INVASION OF PRIVACY: Professors Herzman & Stelzig's friendship spans Geneseo generations

Ron Herzman and Eugene Stelzig have both earned the rank of distinguished teaching professors at Geneseo. And as colleagues, scholars and friends, there is perhaps no more fitting a term than distinguished.

Herzman came to work at Geneseo in 1969, and Stelzig followed three years later. Save for a few brief sabbaticals spent researching and the time they both spent developing a program for the National Endowment of Humanities, the two have worked together in the English department for over 30 years. Both have been chairs of their department. "And in addition to being in the same department," Herzman noted, "when we were young faculty members, there was an interesting tradition of playing basketball on Saturday mornings." These games marked the beginning of both their friendship and, according to Herzman, the group that would ultimately develop the Humanities courses at Geneseo.

Herzman and Stelzig have both developed a warm sentiment towards Geneseo, where they have spent their career and developed a friendship over the past decades. "I enjoy being in Western New York - the Finger Lakes, the small college, the rural setting," Stelzig said, adding that with several cities so accessible, "it seems to be the best of both worlds." Herzman said, "On the whole, this is a friendly and good environment where we get really, really good students."

The decades they have spent as colleagues have led them to a similar place in the faculty of Geneseo. "We're both survivors of some really tough times in the 70s at this college," Stelzig said, referring to large budget cuts coupled with a malignant administration. "It's very painful to see a well-qualified colleague losing his position for no doing of his own," Stelzig said, to which Herzman added that "these were people who were really good in the classroom, and if they were around today, they'd be jewels in the crown of the college." Fortunately, they said, the administration has changed for the better.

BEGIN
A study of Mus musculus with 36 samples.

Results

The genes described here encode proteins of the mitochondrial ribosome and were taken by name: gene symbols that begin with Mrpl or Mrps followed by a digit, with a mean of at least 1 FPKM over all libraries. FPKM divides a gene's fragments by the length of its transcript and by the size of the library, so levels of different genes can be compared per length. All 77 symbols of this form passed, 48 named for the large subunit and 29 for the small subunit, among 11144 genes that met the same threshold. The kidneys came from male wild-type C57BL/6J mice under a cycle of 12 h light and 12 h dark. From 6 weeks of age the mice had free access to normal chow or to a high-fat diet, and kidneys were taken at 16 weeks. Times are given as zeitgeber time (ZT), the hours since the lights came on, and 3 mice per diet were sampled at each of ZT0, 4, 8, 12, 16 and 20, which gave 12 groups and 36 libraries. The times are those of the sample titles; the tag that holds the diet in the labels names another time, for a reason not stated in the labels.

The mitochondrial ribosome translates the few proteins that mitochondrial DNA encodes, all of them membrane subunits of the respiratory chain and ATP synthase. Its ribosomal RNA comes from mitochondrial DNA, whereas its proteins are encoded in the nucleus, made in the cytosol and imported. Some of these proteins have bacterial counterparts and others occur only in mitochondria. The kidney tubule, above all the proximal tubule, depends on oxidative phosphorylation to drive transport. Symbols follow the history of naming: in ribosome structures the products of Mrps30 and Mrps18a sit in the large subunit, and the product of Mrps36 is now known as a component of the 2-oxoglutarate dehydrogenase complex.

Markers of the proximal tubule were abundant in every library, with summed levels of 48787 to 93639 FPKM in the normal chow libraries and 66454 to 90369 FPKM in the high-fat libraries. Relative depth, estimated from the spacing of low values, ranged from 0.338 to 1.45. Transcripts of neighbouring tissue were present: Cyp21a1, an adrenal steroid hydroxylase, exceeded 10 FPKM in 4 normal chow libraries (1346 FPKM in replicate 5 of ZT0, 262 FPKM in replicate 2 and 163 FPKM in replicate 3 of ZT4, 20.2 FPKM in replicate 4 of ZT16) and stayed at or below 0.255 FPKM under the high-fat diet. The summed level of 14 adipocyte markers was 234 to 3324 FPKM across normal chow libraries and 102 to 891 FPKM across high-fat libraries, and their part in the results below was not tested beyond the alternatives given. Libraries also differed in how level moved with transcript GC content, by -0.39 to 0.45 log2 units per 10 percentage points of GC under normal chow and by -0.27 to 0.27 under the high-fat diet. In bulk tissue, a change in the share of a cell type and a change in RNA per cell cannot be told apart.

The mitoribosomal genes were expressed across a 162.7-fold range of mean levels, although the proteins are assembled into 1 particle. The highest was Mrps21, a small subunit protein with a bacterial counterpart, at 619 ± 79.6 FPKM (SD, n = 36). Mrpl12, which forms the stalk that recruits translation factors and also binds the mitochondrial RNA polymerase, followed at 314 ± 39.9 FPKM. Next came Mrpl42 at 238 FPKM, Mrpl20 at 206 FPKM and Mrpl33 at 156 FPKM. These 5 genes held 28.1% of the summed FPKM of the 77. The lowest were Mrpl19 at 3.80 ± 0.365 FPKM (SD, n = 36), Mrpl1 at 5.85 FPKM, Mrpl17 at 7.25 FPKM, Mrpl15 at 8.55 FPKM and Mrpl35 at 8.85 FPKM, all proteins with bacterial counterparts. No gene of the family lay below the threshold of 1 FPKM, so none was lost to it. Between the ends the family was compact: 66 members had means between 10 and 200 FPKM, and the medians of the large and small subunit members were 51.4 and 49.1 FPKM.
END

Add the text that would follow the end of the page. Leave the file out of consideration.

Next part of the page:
Herzman and Stelzig have witnessed other changes to the school as well and, according to Herzman, "have a similar take on the way that the school has evolved." Stelzig has found that students have less time to read in the face of distractions in Geneseo's upscale environment. "One of the big changes," he said, "is the omnipresence of the computer." Herzman agreed that Geneseo has built itself up in competition for the youth of America. "We don't have dorms anymore, we have residence halls. There are many more food options. The grounds are kept better."

In addition to their position on the faculty, the two professors are also distinguished scholars, researching, analyzing, reviewing and writing introductions to classic texts and authors. "Professors almost have a separate life as scholars," Stelzig said. Scholarship, which stands in the judgment of fellow experts, "keeps you at the top of your game," Herzman explained. However, he also noted the importance of making their scholarly research "interesting, accessible and ultimately fun," for students who are less informed. Herzman's latest article on Dante, for example, started as a lesson and discussion in a Geneseo classroom.

Over the years Herzman and Stelzig have created fond memories of the past and positive outlooks for the future. Of the faculty, Herzman said that "Geneseo is a different place, and a core of faculty members have helped bring that about." Of the students, Stelzig explains that "We are hitting into the later stages of life, and watching younger people, whose lives are all before them, brings with it a sort of drama and poetry."

Of each other, the friendship speaks for itself. Merely watching them interact reveals a bond of mutual respect and admiration, without a trace of insincerity. They communicate in a way that is both heartfelt and humorous, without putting on a show for each other or anyone else.